Sleeping for Teens

Sleep is food for the brain and during sleep, important body functions and brain activity occur. Skipping sleep can be harmful and can even be deadly, particularly if you are behind the wheel.

When you are a teen, sleepiness can make it hard to get along with your family and friends and hurt your scores on school exams, on the court or on the field. Try to remember a brain that is hungry for sleep will get it, even when you don’t expect it. For example, drowsiness and falling asleep at the wheel cause more than 100,000 car crashes every year. When you do not get enough sleep, you are more likely to have an accident, injury and/or illness.

Sleep for everyone is vital to your well-being and as important as the air you breathe, the water you drink and the food you eat. It can even help you to eat better and manage the stress of being a teen. Biological sleep patterns shift toward later times for both sleeping and waking during adolescence which means it is natural to not be able to fall asleep before 11:00 pm. Teens need about 8 to 10 hours of sleep each night to function best but most teens do not get enough sleep. One study found that only 15% reported sleeping 8 1/2 hours on school nights.

Teens usually have irregular sleep patterns across the week and they typically stay up late and sleep in late on the weekends, which can affect their biological clocks and hurt the quality of their sleep. Many teens suffer from treatable sleep disorders, such narcolepsy, insomnia, restless legs syndrome or sleep apnea.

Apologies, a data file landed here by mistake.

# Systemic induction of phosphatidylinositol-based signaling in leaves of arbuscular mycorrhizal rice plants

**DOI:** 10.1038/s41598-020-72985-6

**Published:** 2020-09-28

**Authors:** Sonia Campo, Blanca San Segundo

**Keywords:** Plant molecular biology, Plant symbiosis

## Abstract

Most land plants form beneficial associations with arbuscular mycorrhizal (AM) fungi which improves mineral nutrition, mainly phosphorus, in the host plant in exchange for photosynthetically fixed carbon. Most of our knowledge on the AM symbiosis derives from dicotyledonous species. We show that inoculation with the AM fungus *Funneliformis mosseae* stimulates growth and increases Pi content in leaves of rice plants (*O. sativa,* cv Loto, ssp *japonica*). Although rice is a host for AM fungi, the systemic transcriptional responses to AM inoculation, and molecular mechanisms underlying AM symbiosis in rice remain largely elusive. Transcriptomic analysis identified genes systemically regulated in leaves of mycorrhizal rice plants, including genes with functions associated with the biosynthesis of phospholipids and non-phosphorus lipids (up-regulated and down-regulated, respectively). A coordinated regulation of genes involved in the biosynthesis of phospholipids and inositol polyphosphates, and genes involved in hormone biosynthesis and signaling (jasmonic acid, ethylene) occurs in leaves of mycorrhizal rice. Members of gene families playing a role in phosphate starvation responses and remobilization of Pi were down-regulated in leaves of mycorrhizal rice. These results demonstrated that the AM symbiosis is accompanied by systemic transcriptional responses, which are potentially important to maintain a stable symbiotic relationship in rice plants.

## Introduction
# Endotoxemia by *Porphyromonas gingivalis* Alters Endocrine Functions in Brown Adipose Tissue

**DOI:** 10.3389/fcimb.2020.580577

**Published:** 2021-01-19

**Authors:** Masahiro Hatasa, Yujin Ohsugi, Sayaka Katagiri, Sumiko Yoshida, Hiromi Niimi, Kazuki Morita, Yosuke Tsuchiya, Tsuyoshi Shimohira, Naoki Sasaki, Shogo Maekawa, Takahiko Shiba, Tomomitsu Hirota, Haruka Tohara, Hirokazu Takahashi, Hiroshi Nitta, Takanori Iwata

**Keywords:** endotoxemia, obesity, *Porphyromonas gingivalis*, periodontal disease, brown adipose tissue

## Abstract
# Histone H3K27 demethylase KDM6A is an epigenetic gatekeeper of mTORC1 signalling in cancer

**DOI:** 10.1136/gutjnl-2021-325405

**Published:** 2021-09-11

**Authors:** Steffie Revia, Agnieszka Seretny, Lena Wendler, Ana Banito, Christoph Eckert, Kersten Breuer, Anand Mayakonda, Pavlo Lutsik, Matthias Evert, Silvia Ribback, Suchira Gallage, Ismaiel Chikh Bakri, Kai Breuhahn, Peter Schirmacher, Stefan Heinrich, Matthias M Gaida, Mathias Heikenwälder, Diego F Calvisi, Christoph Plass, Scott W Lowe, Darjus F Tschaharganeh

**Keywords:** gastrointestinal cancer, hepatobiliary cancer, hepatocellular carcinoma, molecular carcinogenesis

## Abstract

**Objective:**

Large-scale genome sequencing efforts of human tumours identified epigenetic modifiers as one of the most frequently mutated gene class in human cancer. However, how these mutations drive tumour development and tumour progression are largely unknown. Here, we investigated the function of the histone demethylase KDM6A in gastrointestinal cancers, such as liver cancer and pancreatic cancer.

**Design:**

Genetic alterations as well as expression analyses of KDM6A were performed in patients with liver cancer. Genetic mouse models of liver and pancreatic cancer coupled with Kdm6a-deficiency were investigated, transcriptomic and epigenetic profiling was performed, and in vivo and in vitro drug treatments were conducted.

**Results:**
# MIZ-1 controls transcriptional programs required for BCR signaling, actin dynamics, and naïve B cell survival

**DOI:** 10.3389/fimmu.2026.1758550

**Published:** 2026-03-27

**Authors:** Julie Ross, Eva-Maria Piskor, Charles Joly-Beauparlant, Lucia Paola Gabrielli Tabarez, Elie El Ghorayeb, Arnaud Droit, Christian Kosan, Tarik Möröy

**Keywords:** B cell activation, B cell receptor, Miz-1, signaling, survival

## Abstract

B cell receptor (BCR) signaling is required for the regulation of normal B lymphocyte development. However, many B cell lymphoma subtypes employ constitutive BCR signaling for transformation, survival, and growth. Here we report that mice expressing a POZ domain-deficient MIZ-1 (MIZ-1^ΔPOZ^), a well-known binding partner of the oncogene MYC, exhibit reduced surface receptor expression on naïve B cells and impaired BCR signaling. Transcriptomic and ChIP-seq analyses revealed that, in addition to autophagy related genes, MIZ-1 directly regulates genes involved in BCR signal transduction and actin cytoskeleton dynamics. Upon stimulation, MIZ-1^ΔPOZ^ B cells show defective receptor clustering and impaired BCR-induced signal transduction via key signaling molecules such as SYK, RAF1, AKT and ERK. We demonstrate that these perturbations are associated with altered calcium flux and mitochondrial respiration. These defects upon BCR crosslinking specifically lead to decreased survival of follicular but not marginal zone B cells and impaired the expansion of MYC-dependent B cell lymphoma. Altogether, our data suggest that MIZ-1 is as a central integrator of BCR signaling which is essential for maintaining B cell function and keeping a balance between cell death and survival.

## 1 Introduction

Not getting enough sleep or having sleep difficulties can limit your ability to learn, listen, concentrate and solve problems. You may even forget important information like names, numbers, your homework or a date with a special person in your life. A lack of sleep may also make you more prone to pimples.

Sometimes too many nights of missed sleep can also lead to aggressive or inappropriate behavior such as yelling at your friends or being impatient with your teachers or family members. It can also cause you to eat too much or eat unhealthy foods like sweets and fried foods that lead to weight gain, heighten the effects of alcohol and possibly increase use of caffeine and nicotine.

If your teen is not getting enough sleep it can contribute to illness, not using equipment safely or driving drowsy. Take the steps necessary to helping your teen become educated on good sleeping habits and become a role model for your children by setting up your own!